Mid-Shore Symphony Society halts operations
WYE MILLS — After 45 consecutive years of presenting Baltimore Symphony Orchestra concerts on the Eastern Shore, the MidShore Symphony Society has suspended operations and the outlook for resuming operations is not promising.
“The basic issue becomes cost,” said Pete Dillingham of Rock Hall, who recently retired as Society president after 10 years. He said it costs the Society $25,000 per concert to bring the orchestra to the Todd Performing Arts Center at Chesapeake College, where it has performed for many years.
He said financial difficulties began back in 2008 and that over time, 18 percent of subscribers and donors to the Society have left for one reason or another and that while others replaced them, there were “never really enough to meet the critical mass.”
The Society is funded by ticket sales, donations and grants from the arts councils of the Mid-Shore counties and the Maryland State Arts Council, but Dillingham said of the arts councils that “there’s only so much they can do.” At the end of the most recent 20152016 concert season, the Society had a $7,500 debt to the orchestra, he said.
This past season, ironically, was a good one for the Society, he said, because it opened with the always popular holiday performance of Handel’s “Messiah,” followed soon thereafter by a concert featuring BSO Music Director Marin Alsop. Even so, the 897-seat concert hall at the college was not full for either concert, according to Dillingham. And while the number of walk-up concert attendees has increased recently, most are not donors, he added.
BSO concerts have drawn people from Kent, Queen Anne’s, Talbot, Caroline and Dorchester counties as well as from Salisbury, Seaford, Del., Dover, Del., and Annapolis. One couple, he said, used to come all the way from Towson. Concert goers have said they enjoyed attending concerts at the college because it is easy to reach and has free parking, he said.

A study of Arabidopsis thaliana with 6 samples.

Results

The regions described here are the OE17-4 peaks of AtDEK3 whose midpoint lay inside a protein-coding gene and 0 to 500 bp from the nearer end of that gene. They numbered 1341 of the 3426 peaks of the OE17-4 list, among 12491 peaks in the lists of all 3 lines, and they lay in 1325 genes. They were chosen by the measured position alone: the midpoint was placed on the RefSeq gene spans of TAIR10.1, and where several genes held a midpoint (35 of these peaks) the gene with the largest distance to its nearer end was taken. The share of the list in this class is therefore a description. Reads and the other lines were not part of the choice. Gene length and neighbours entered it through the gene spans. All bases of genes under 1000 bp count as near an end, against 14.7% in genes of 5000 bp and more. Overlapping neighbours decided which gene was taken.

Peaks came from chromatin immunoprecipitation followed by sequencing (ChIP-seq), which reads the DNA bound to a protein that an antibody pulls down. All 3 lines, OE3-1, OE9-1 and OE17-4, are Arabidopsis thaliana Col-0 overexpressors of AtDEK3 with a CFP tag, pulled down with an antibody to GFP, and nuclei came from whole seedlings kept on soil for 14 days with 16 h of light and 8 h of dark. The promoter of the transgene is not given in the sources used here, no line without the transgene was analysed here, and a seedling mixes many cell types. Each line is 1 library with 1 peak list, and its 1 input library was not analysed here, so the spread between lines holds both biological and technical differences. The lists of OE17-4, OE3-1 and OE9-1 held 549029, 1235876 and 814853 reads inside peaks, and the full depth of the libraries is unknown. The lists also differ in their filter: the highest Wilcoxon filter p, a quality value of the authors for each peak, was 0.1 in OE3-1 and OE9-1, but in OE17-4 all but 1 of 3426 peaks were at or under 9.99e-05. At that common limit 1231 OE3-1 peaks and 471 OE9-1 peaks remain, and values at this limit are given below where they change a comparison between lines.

Dillingham said the BSO has been “very good to us,” and has not increased the $25,000 cost of concerts for the past decade even though he was told by the former BSO president that the actual cost to the orchestra of putting on the concerts is closer to $42,000.
“The BSO standard never changed — the music was great, the selection of compositions was fantastic. It met everybody’s expectations,” he said, noting that the orchestra is playing more on weekends “and those weekends are not available to us on the Shore.”
Another factor is that the 85-year-old Dillingham has recently stepped down as Society president, citing personal reasons, and that so far it has been difficult to find a successor within the organization or outside of it. A number of board members said they would continue to serve, but looking ahead, he said that “I don’t see that it’s got a future” unless someone can come forward who has the ability to resuscitate it.
Nancy Cook of Queenstown, a retired music teacher, has been the Society’s secretary for many years and agreed with Dillingham that the BSO has been “good to us financially.” She said the arts councils have also been good to the organization and that the decision to suspend operations is a big disappointment.
Chesapeake College has been a good partner, she added, and has made a number of improvements to its concert hall over the years that have greatly benefitted the orchestra concerts.
Cook said there used to be six concert societies around the state that put on BSO concerts and that the Mid-Shore Symphony Society is the last of them.
“It’s been a privilege to work with Pete. We’ve worked well together, and his leadership of (the Society) has been wonderful,” she said.
The Baltimore Symphony Orchestra has been sponsored on the Eastern Shore by the Mid-Shore Symphony Society for 45 consecutive years, but the Society has suspended operations, citing financial issues as the main reason.